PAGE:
You've probably heard of the curse of Paul Molitor. But what about Chris Bosio?
Bosio went 16-6 for Milwaukee in 1992, then signed a contract with Seattle. That was the same offseason Molitor left for the Toronto Blue Jays, leaving the Brewers without two of their biggest stars.
It was also -- perhaps not coincidentally -- the last year the team finished with a winning record.
Bosio, the Brewers' second-round pick in the January 1982 amateur draft, pitched four more seasons in the Majors, finishing his career with a 94-93 record. His top professional moment came with Seattle in 1993, when he tossed a no-hitter against the Boston Red Sox.
The 41-year-old Bosio is out of baseball now, living near Appleton, Wisc., with his wife Suzanne and their two children. He resigned as the Devil Rays' pitching coach after last season, saying he wanted to spend time with his family.
For the first time since 1981, Bosio's senior year at Cordova High School in Rancho Cordova, Calif., baseball isn't part of his daily routine.
"I miss it," he said. "It's the first Spring Training I've missed since, well, forever."
But more than 12 years after marrying Bosio, Suzanne is finally getting a chance to spend a summer with her husband.
"You're almost a single parent when you have a husband in baseball," Suzanne said. "We've been able to go on dates. We can do stuff together."
Now Bosio gets his baseball fix by coaching kids at the YMCA and helping pitchers on the Wisconsin Timber Rattlers, a Class A affiliate of the Mariners.
But he's mostly a stay-at-home dad for his 2-year-old son, Jace, and 9-year-old daughter, Jensen.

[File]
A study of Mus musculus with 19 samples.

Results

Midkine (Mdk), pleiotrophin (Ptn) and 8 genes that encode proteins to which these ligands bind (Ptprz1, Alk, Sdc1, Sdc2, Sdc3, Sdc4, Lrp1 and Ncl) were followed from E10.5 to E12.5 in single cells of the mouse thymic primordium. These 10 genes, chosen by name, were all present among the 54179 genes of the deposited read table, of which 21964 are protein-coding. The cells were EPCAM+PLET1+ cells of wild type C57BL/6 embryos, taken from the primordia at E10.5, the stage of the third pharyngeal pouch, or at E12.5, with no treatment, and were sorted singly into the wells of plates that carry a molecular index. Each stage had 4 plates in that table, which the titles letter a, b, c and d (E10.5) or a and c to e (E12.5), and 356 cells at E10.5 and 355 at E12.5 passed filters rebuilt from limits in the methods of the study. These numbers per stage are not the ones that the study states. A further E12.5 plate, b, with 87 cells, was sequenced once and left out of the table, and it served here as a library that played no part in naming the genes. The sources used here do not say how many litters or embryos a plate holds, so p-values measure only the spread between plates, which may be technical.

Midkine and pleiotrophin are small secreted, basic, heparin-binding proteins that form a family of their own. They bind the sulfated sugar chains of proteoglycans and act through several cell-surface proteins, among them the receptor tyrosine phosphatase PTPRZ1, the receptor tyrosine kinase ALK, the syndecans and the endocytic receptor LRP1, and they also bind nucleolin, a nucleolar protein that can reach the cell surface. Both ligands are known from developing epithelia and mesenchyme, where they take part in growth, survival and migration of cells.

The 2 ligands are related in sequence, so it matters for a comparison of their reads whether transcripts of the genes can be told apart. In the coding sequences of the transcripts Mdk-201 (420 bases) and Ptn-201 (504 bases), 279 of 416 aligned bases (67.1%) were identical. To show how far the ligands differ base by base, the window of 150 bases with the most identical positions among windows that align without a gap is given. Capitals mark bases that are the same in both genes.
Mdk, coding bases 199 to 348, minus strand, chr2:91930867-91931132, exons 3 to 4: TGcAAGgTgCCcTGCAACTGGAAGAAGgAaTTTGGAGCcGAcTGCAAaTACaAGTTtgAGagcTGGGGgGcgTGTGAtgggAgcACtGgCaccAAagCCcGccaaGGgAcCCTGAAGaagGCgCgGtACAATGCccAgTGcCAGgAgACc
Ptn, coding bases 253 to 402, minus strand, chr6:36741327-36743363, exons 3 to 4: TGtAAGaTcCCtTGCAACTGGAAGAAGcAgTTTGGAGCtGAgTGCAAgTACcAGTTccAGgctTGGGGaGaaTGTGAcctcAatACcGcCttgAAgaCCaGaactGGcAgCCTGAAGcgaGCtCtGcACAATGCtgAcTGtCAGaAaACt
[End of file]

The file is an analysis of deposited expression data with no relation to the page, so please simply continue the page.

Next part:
"Just recently my daughter has taken up golfing with him," Suzanne said. "Apparently, she's pretty impressive. Golf, swimming, anything that's outside. We have a 2-year-old and with Daddy in the pool, there's no fear."
Although he roots for the Brewers, Bosio follows the Devil Rays closely, watching as his former team tries to finish above last place for the first time in franchise history.
Bosio also respects his former manager and boss, Lou Piniella, who offered him the Devil Rays job despite his lack of big league coaching experience. Before joining Tampa Bay, Bosio had spent three seasons as a pitching coach in the Mariners organization.
And Bosio is quick to criticize Piniella's reputation as a harsh manager.
"Everybody has this impression that Lou screams and yells," Bosio said. "He's not a yeller. This guy is motivated like no one I've ever seen."
Despite his love for the game, Bosio won't return to coaching until his kids reach college, his wife said. And while Jace and Jensen know their father's baseball background, they prefer having him around.
"Jensen is really proud of him," Suzanne said. "But she'd rather have him here. She'd rather go golfing with him."
Brian Sumers is a contributor to MLB.com. This story was not subject to the approval of Major League Baseball or its clubs.